The editors of The Economist struggle, like fish on a hook, before admitting that the evidence seems to support that mass immigration has been holding U. S. wages down:
There are nonetheless scraps of evidence that some workers are benefiting from America’s growing antipathy to immigrants. Gordon Hanson of Harvard University suggests that if the impact of reduced low-skill migration is showing up anywhere, it will be in three particular occupations: housekeepers, building-and-grounds maintenance workers, and drywall installers. These occupations rely heavily on immigrant labour and the services they provide cannot be traded internationally. Average wages in those occupations are rising considerably faster than wages in other low-paid jobs, according to calculations by The Economist.
Intriguing evidence also shows up geographically. According to research by William Frey of the Brookings Institution, a think-tank, five big metro areas saw absolute declines in their foreign-born populations in 2010-18. Wages in those areas are now rising by 5% a year, according to our calculations. Cleveland, which is in one such area, has pockets of severe poverty but seems to be doing better than before. Many of the city centre’s astonishingly grand buildings are being converted into luxury lofts for millennials.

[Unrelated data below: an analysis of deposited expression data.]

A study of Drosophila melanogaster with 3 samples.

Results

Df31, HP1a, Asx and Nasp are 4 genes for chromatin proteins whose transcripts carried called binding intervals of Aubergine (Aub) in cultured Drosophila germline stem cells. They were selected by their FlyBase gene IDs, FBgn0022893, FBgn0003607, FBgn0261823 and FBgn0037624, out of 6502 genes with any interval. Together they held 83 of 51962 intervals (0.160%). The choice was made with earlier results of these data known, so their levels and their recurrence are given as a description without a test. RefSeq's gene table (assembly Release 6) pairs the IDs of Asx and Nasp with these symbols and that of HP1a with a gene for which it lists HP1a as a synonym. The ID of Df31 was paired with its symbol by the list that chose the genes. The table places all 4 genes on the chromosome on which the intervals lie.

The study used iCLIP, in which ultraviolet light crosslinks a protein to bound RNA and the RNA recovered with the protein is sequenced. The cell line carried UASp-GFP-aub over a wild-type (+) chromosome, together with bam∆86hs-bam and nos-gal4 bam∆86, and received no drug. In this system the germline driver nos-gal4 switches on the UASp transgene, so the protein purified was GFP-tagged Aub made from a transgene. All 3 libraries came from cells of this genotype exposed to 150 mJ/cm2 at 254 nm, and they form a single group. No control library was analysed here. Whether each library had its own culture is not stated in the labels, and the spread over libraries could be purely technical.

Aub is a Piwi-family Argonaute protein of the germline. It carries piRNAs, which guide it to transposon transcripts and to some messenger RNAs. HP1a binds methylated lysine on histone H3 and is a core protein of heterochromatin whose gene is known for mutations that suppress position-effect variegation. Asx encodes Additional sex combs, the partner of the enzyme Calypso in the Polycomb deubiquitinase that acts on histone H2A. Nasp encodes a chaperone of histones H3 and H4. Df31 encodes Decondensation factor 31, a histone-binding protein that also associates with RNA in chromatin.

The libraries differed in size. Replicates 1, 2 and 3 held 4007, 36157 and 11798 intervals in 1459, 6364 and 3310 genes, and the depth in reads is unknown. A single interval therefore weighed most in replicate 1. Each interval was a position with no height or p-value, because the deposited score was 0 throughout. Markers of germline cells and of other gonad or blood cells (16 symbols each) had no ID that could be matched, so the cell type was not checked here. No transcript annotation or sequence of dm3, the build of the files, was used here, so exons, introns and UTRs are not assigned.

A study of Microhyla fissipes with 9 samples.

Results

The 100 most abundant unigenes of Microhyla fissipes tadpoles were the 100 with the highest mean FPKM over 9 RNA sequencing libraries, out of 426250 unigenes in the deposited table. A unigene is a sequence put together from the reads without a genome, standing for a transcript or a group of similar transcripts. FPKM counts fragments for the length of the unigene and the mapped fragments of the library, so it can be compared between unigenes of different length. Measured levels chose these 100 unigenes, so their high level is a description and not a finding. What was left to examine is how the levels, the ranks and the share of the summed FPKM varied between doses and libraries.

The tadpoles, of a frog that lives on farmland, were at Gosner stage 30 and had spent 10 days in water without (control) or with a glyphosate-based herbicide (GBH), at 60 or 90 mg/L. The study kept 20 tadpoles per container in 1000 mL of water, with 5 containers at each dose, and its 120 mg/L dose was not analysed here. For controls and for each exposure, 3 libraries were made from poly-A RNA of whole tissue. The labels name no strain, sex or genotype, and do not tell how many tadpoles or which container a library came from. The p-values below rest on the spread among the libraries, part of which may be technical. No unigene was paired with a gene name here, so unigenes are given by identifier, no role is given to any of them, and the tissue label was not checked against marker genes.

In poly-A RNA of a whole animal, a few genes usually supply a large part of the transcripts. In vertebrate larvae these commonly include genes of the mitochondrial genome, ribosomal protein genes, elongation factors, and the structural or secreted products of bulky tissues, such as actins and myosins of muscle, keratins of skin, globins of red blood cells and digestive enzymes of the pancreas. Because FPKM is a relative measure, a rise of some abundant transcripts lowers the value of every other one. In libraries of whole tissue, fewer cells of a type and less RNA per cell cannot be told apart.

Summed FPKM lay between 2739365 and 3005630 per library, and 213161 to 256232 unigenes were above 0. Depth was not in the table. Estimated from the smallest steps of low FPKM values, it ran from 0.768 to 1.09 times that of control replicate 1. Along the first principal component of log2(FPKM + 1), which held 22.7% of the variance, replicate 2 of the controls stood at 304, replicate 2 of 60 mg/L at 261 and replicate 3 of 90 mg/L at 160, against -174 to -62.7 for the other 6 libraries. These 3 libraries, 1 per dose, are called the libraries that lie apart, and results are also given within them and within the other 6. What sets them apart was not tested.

The lesson from all these papers is that, over time, the economy adjusts to a fall in the number of immigrants. In the short term, native workers may well see a wage boost as labour supply falls.
just as I have been saying here for well over a decade. They go on to warn:
But businesses then reorient production towards less labour-intensive products; natives take jobs previously occupied by foreign-born folk, which may be worse paid; and bosses invest in labour-saving machinery, which can reduce the pay of remaining workers.
Even the apparent short-term benefits to wages are a poor economic argument for tough immigration restrictions. Migrants have economic effects far beyond the labour market. They spur innovation and entrepreneurship and they help create trade links between America and their home countries. Both low- and high-skilled migration are linked with higher productivity.
Reorienting production towards less labor-intensive products is jake with me. It should have been happening for a long time. Consider the story of fast food. IMO it’s pretty obvious that fast food franchises developed in response to a large number of new, unskilled, inexperienced workers coming into the labor force—the Baby Boomers. After that wave ended it was able to continue with a reliable stream of immigrant workers (legal and illegal). Is the development of fast food really a good thing? I would not mourn the demise of McDonalds and Burger King.
And, of course low- and high-skilled migration produces higher productivity as long as those workers work for lower pay than those they’re replacing. That’s just arithmetic. Again, is that really the model we want for the United States? The sort of increasing productivity we really want is the sort which is too low. What we need comes from business investment in something other than financial assets.
As for innovation and entrepeneurship, there are different groups of immigrant workers. The groups responsible for the greatest number over the last 30 years aren’t the same as those innovating or starting their own businesses.